Faculty cite privacy concerns in face of new UT disclosure policies

Jordan Rudner

On the heels of two controversies involving conflicts of interest in research in the past year, UT has amended its financial conflict of interest and objectivity in research policy. 

Juan Sanchez, vice president for research, spoke at length about changes in UT’s policy at a Faculty Council meeting Monday. Sanchez said the changes were not the result of any action taken by UT but instead were instituted by the UT System. 

“The change in policy was prompted by changes in regulations by the Public Health Services, which include the National Institutes of Health, and by the guidelines issued by the UT System,” Sanchez said. “No one at UT-Austin had a say in this new policy, but I would imagine the justification used on the federal level was used by our regents, to protect the proper use of university and federal resources.” 

In July, a study on gay parenting by sociology professor Mark Regnerus garnered controversy after critics pointed out that the study was funded by The Witherspoon Institute and The Bradley Foundation, two conservative groups. In December, the director of UT’s Energy Institute, Raymond Orbach, resigned and geology professor Chip Groat retired after it was discovered that Groat published a study that found no link between hyrdaulic fracturing and water contamination, but did not disclose he sat on the board of directors of a drilling company.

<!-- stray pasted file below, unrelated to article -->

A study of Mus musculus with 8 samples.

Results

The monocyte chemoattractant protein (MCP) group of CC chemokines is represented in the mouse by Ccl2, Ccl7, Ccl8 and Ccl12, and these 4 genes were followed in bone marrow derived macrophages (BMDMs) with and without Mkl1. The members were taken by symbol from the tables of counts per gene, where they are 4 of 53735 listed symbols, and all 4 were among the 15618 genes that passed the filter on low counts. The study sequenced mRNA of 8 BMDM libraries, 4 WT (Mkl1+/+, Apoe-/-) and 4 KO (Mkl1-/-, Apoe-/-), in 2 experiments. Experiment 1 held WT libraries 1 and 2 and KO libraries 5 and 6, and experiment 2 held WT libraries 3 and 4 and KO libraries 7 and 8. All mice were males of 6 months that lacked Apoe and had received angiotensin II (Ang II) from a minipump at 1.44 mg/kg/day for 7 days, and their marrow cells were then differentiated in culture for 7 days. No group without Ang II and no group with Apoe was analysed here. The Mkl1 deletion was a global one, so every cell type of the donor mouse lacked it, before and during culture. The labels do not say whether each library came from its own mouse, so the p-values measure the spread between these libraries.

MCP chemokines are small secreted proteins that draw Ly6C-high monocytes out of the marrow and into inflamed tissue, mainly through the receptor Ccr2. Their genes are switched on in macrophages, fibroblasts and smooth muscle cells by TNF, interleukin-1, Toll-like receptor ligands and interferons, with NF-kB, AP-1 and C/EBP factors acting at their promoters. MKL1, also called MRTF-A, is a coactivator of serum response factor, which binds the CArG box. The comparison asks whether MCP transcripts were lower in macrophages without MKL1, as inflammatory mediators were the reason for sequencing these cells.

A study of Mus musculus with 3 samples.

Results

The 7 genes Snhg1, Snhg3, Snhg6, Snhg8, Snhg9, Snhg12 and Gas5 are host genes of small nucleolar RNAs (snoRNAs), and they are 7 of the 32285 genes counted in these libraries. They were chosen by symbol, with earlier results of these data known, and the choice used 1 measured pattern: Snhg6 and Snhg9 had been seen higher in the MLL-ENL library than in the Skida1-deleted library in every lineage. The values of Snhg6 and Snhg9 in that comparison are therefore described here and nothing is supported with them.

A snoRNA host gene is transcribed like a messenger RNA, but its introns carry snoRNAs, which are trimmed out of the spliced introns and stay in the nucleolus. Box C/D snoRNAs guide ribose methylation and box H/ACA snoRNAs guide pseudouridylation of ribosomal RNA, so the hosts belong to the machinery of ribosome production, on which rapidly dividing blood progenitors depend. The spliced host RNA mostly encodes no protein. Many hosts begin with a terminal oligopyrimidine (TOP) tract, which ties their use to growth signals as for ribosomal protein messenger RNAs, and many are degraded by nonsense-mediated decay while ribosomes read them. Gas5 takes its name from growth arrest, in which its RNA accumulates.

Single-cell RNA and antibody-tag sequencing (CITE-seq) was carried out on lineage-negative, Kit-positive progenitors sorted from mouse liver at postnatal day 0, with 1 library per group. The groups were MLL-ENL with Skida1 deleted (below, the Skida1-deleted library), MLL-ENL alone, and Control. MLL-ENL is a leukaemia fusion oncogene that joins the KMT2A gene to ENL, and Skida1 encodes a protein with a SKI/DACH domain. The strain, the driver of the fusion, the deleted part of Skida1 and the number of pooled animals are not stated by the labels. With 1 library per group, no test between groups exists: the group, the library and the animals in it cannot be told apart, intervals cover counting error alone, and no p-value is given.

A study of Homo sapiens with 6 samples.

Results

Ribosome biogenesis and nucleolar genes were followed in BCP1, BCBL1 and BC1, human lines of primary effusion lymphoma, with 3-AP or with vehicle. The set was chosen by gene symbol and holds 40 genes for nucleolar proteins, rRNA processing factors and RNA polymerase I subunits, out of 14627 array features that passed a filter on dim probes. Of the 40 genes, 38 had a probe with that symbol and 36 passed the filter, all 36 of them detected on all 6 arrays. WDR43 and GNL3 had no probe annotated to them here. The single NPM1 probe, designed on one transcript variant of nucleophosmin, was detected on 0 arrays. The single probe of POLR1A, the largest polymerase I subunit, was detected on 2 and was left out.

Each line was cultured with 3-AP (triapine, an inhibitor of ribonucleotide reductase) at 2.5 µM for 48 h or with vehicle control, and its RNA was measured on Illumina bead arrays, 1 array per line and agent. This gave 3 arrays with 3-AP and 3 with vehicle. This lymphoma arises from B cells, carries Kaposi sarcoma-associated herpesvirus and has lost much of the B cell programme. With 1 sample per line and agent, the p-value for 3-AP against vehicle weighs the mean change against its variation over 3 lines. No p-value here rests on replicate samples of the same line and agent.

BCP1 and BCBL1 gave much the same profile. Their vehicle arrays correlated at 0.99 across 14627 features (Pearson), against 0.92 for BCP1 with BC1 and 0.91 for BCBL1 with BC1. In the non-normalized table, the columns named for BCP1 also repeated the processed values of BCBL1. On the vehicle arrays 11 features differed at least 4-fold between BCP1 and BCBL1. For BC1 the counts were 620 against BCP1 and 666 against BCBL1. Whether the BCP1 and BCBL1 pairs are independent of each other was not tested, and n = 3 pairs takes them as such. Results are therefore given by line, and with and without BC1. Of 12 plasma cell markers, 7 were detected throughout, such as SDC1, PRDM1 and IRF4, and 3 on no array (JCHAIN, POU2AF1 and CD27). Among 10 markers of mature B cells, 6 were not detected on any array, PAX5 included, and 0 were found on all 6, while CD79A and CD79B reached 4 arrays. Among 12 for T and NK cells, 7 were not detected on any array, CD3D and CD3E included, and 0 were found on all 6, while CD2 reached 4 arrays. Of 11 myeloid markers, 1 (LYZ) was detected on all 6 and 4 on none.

The new conflict of interest policy differs from its predecessor in two main ways. Potential conflicts of interest will be determined by an independent official, as opposed to faculty members themselves. Additionally, the new policy has an extended scope, applying to all research irrespective of funding source, while the old regulations applied only to externally funded research.

Several faculty members expressed hesitation about privacy issues at the meeting. In a question submitted in advance of Sanchez’ presentation, government professor Daron Shaw stated his deep concerns about the implications of the personal financial disclosure required by the new policy.

“This is the most egregious, chilling policy UT has adopted since I’ve been here,” Shaw wrote. 

Jody Jensen, kinesiology and psychology professor, also expressed concern about the nature of the financial disclosure forms. Jensen said the fear was that the in-depth personal finances of UT faculty members would be publicly available via open records requests. 

“There is a growing culture of what we do being searchable and open to the scrutiny of those with good intentions and those without,” Jensen said. “It seems fair to me that people with conflicts of interest should disclose, but it doesn’t seem appropriate that all faculty should have these kinds of records — seeing that this should be available to all who want to snoop.”

Sanchez said it was important to clarify that UT faculty financial disclosures would not be accessible via an online database. 

“Where is the mandate that this information be publicly searchable?” Sanchez said. “There is no such mandate, and there is no such publicly accessible database. The database will be kept as a university record, and in most cases, only open records requests will make the information public.”